Donald Trump flew into Stornoway in Scotland’s windswept Outer Hebrides in 2008 in his Boeing 727 to visit the childhood home of his mother, Mary Anne MacLeod. He was dressed in a dark suit, white shirt, “and a blue tie that hung well below his belt.” He and his cortege climbed into a Porsche Cayenne and two BMW X5s and were driven 7 miles to her modest dwelling. Trump spent all of 97 seconds inside.
“Trump Revealed,’’ a Washington Post book written by two veteran journalists, Michael Kranish and Marc Fisher, with the assistance of more than 20 reporters, three editors, and two fact checkers, is crammed with such detail. It presents a portrait of a man “far more complex than his simple language might indicate, [with] motivations and values . . . informed by his parents, his upbringing, his victories and his defeats, and his lifelong quest for love and acceptance.” To arrive at that conclusion, the Post sent staffers not only to the Isle of Lewis, off the Scottish coast, but to almost everywhere that Trump had left a footprint, from Queens in New York to Azerbaijan, Russia, and Panama.
In precise reporting that sadly ends with the angry, disorganized Republican convention in Cleveland in July, Kranish and Fisher focus heavily on the business dealings — highlighting the bankruptcies, the hundreds of lawsuits, the ego trips — that made Trump the best-known billionaire in the country. His father, Fred, who bailed him out a number of times, made millions building middle-income homes and apartments in Queens and Brooklyn, but his son wanted to make his mark in Manhattan. He bought the old, rat-infested Commodore Hotel, refurbished it with the help of underpaid, undocumented Polish workers, and made a go of it. Then he built the Trump Tower, his headquarters today.
Not everything that followed was so successful. Trump tended to pay too much — $407 million for the Plaza Hotel, $365 million for the Eastern Airlines shuttle (promptly renamed the Trump Shuttle) — often investing in businesses he knew nothing about.
His greatest failure surely was his gambling venture in Atlantic City, where he built three glitzy casinos, paying too much and knowing hardly anything about the industry. The Trump Taj Mahal, the glitziest of the three, will be shut down in October. The others closed earlier. Kranish’s and Fisher’s chapter on the business and political machinations around Atlantic City is a highlight, lucid and compelling.
Kranish and Fisher examine Trump’s love life in a chapter called “Best Sex I Ever Had,” a quotation attributed to his second wife, Marla Maples — who Trump began seeing while still married to his first wife, Ivana. The truth is, however, that while Trump has always enjoyed being photographed arm in arm with beautiful women, he really doesn’t have much time for them. “He would crush opponents,” they write. “He would demean ‘losers.’ He would choose to spend time in the office rather than with his wives or children.” It’s the same story with close friends. He doesn’t have many because he hasn’t had time for them either.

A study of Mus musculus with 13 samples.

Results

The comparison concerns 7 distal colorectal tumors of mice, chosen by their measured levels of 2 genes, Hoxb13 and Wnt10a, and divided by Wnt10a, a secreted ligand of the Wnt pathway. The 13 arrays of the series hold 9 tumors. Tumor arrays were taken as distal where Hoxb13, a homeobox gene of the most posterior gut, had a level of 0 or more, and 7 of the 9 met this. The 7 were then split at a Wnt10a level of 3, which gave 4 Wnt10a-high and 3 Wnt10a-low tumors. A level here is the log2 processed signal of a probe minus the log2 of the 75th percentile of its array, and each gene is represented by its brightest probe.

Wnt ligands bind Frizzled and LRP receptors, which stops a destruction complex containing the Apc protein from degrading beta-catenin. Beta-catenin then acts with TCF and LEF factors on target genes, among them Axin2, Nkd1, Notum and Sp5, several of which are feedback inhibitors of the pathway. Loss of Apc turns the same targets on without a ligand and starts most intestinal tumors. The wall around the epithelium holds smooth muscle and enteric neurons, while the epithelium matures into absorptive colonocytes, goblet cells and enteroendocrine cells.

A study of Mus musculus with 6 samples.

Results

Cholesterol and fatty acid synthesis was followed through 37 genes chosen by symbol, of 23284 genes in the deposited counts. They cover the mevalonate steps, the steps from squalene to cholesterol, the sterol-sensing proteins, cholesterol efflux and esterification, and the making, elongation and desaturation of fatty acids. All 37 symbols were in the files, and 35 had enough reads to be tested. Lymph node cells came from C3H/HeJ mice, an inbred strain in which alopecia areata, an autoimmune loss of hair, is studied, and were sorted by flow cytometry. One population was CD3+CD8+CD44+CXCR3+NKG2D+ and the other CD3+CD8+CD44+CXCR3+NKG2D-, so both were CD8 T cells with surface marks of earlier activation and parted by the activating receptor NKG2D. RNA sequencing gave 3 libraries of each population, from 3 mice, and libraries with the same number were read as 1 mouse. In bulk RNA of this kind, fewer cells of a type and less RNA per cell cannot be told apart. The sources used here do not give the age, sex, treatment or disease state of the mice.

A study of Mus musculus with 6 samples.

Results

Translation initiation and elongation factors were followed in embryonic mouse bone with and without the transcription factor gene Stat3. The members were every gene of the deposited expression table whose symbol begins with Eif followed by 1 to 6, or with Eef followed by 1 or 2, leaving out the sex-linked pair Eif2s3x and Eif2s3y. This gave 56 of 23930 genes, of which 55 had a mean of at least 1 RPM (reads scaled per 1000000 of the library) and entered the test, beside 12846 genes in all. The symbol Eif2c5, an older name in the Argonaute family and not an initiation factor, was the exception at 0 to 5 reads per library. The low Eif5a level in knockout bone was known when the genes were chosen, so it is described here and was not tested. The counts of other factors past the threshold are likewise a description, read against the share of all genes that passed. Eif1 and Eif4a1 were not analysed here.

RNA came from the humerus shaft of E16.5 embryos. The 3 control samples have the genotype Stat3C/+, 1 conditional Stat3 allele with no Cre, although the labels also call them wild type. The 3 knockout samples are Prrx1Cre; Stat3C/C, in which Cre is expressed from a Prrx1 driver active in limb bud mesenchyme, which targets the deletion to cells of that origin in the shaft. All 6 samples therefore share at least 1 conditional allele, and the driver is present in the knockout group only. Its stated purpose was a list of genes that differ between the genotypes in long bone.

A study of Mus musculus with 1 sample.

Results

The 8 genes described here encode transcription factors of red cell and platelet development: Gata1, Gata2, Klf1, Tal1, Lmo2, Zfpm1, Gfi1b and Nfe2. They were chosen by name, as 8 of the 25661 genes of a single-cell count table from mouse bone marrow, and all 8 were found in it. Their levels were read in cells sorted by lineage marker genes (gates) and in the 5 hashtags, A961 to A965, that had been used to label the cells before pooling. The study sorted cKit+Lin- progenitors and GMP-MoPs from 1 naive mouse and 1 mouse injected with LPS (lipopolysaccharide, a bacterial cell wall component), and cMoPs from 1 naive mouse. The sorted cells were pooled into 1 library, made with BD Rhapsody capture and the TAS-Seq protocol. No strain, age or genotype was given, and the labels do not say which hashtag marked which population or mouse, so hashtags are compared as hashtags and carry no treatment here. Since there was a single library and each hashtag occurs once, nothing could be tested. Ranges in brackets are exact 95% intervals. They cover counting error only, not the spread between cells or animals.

The biggest problem with this book, likely the most complete and nuanced life of Trump thus far, is nobody’s fault. It simply ends too soon and leaves unmentioned Trump’s unprecedented meltdown in the days that followed the convention in Cleveland. He insulted Khizr and Ghazala Khan, Muslim parents of Humayun, an Army captain killed by a car bomb in Iraq in 2004. He declared that President Obama is the founder of ISIS. He even hinted that those gun-toting Second Amendment bullies might want to do something about Hillary Clinton, should she be elected.
What happened? The book gives some hints. The first involves meeting and befriending a truly odious lawyer, Roy Cohn, one-time chief counsel for Senator Joseph McCarthy’s red-baiting Senate Permanent Subcommittee on Investigations. Trump, Kranish and Fisher write, liked what Cohn taught him — “when attacked, counterattack with overwhelming force.” Trump and his lawyers filed more than 1,000 lawsuits over the years, hoping in many instances to intimidate people who said nasty things about him. In one of their interviews, Trump warned Kranish and Fisher he would sue them if he didn’t like the book.
Nothing boosted Trump’s already enlarged ego more than his starring role in the “You’re fired” NBC reality show, “The Apprentice.’’ It ran for 14 years, and some nights attracted almost 27 million viewers. As the show’s host and executive producer, “Trump got plenty of practice honing a blunt speaking style accentuated by short, declarative sentences” and his taunts of the contestants seeking to win a one-year, $250,000 job with the Trump Organization. None of the shows were scripted.
Cohn’s coaching on how to fire back at critics and the lessons he learned as an anything-goes reality TV star certainly explain a lot about the Donald Trump we watched in amazement, and sometimes in horror, before and during the Cleveland convention. But they don’t fully explain the Donald Trump we see today, after weeks of bluster and wildly intemperate attacks on his critics. Is he crazy? Probably not, but facing the dismal prospect of being labeled a loser, it’s a safe bet this ambitious, driven man who views himself as a brand is very angry.
An American Journey of Ambition, Ego, Money, and Power
By Michael Kranish and Marc Fisher
Scribner, 431 pp., illustrated, $28
James M. Perry, who was for many years chief political writer for The Wall Street Journal, blogs regularly on politics for the Pittsburgh Post-Gazette.